Samples of the Sutter's Mill meteorite, found quickly after being dropped by a brilliant daylight fireball, contain pieces of primitive, carbon-rich matter like none ever studied before.
Peter Jenniskens is a cautious, soft-spoken researcher at the NASA-affiliated SETI Institute. But he morphs into an aggressive tiger when it comes to tracking down freshly fallen meteorites. Back in 2008, facing all odds, he spearheaded the effort to recover pieces of a small asteroid that broke apart over northern Sudan.
On April 22nd, luck was on his side when a big cosmic prize fell right into his lap. A dazzling fireball, peaking at magnitude –18 to –20, had streaked east-to-west above Nevada and California at 7:51 a.m. It was widely seen by astonished onlookers — and, more importantly, captured on the cameras of two of them. These records, combined with distinct echoes in Doppler-radar scans, strongly suggested that pieces of the object had fallen to Earth near the towns of Coloma and Lotus, just 120 miles northeast of Jenniskens' office in Mountain View, California.
All the evidence pointed toward a really large arrival — later reconstructions estimate that object was the size of a small car (2½ to 4 m across) and had a mass of perhaps 40 tons before it slammed into the atmosphere. Jenniskens wasted no time, quickly driving to the area in the hope of finding freshly fallen meteorites. He came away empty-handed after searching in a state park but eventually spotted a small 4-g sample — partly crushed from being run over — in a parking lot. By then other searchers were scouring the territory, and in fact professional space-rock hunter Robert Ward found a small fragment before Jenniskens did.
It's now called the Sutter's Mill meteorite, SM for short, named for the area landmark that triggered the 1848 California gold rush. April's interplanetary arrival triggered another gold rush of sorts, as a loosely knit consortium of scientists, meteorite hunters, and local hopefuls repeatedly combed the hilly terrain. At one point Jenniskens and some colleagues even took to the sky in Airship Ventures' Zeppelin to look for small impact craters pocking the Sierra foothills. They didn't find any, but so far collectors have located nearly 80 pieces, with a total mass of just over 2 pounds (943 g).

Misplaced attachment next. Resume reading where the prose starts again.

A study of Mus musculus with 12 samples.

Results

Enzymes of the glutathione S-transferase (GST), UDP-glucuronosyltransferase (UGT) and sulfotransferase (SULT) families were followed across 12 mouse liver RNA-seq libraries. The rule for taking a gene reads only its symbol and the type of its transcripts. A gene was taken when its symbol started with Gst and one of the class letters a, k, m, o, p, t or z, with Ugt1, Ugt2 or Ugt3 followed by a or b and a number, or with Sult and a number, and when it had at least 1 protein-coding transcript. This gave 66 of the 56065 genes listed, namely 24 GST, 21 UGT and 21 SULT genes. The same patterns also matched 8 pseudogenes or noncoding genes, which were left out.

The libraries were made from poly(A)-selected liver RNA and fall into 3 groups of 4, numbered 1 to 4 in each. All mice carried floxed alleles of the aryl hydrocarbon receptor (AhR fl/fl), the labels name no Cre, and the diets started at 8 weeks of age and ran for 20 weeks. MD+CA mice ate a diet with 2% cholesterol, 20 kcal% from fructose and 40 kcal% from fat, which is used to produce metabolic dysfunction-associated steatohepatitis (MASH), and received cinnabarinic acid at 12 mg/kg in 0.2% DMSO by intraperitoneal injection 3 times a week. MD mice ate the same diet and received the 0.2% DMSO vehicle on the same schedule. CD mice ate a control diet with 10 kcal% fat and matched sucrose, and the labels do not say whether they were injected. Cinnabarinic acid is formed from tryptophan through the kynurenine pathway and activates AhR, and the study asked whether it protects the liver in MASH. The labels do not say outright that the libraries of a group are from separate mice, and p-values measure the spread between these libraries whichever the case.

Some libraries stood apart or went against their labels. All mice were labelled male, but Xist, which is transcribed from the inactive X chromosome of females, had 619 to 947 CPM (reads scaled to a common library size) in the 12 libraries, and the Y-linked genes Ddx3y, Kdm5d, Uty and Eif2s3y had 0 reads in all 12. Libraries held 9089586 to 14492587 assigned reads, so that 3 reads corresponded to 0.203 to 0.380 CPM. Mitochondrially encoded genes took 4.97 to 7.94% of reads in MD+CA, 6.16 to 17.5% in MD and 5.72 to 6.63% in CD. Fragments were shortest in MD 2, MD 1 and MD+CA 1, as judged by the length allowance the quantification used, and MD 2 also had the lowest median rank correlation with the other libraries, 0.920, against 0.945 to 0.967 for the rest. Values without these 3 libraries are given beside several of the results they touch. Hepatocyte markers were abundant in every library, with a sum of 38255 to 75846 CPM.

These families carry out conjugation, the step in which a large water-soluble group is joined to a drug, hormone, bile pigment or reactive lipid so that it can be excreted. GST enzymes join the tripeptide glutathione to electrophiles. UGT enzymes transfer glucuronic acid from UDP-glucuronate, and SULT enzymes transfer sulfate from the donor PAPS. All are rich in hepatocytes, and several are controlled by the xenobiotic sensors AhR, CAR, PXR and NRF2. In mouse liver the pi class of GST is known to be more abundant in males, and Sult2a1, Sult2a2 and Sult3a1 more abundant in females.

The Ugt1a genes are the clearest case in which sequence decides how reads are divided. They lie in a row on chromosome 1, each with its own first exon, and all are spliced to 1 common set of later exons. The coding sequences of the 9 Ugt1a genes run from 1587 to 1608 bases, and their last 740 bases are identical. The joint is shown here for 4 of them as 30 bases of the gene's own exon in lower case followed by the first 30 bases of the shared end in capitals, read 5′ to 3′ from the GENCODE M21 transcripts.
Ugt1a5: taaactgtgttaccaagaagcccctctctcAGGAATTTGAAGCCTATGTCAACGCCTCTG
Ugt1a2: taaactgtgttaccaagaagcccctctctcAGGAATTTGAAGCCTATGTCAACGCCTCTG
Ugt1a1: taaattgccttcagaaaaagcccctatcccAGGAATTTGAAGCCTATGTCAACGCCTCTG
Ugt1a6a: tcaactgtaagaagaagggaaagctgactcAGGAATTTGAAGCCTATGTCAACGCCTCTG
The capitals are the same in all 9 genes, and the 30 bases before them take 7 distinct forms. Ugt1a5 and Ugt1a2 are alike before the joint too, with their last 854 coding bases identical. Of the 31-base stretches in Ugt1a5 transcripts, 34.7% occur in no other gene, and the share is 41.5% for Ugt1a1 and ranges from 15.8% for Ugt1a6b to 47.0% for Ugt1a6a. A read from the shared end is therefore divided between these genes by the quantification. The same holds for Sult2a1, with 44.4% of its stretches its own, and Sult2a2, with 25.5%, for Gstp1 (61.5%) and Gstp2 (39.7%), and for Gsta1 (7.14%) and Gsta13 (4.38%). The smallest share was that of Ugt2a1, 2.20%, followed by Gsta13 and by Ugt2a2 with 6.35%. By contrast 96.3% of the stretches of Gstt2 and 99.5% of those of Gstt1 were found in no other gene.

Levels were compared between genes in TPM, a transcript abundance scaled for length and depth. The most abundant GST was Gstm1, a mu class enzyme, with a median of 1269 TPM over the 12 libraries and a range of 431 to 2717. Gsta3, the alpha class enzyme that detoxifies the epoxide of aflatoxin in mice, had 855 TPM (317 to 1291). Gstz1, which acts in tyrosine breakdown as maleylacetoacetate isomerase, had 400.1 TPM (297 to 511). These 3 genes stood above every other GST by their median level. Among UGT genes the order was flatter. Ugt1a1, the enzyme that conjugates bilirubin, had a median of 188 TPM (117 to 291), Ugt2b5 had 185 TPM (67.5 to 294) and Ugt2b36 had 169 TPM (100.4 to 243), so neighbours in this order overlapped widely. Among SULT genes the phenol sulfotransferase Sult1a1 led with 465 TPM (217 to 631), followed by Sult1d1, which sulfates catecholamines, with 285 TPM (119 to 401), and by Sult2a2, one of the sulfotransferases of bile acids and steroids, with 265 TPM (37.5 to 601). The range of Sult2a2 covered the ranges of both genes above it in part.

Critically, the two pieces found on April 24th by Ward and Jenniskens, plus a third spotted that same day by local sleuth Brien Cook, got snatched up before rain soaked the area. This meteorite's dark, crumbly texture was an immediate sign that it's very primitive, a C-class chondrite having fallen to Earth virtually unaltered since its formation 4½ billion years ago — and thus of special interest to planetary scientists. For example, geochemists studying these samples found abundant bits of the mineral oldhamite (calcium sulfide), so touchy that it decomposes after even the slightest exposure to water vapor. Score one for the quick recovery!
As Jenniskens and 69 coauthors report in Science for December 21st, the Sutter's Mill stones are a mash-up of rocks with varying degrees of exposure to heat and moisture. Planetary scientists term this a breccia, representing pieces of parent bodies with very different origins. "The SM meteorite demonstrates that the complexity of C-class asteroid surfaces is greater than previously assumed," conclude the analysis team. Some pieces have experienced temperatures of up to 400°F (300°C), unlikely to be the result of the flash-heating they got in Earth's atmosphere. Others contain clay and carbonate minerals (from contact with water somewhere in space) and traces of organic compounds.
The printed Science report is only five pages long, but in a 72-page supplement, the Jenniskens-led team details how they pieced together eyewitness reports, photographs, and radar signatures to deduce the incoming object's trajectory and orbit. It came from the asteroid belt, most likely injected directly onto an Earth-crossing path by Jupiter (evidence suggests that it had been exposed to space radiation for less than 100,000 years). Then it slammed into our atmosphere at 17.8 miles (28.6 km) per second, delivering the kinetic-energy equivalent of 4,000 tons of TNT before breaking apart at roughly 34 miles (55 km) up.
To learn more about these celebrated space rocks, see the press releases from NASA and the SETI Institute, or check out Jenniskens' web page dedicated to the impact and recovery. Also worthwhile is a 40-minute Google+ interview moderated by science writer Alex Witze.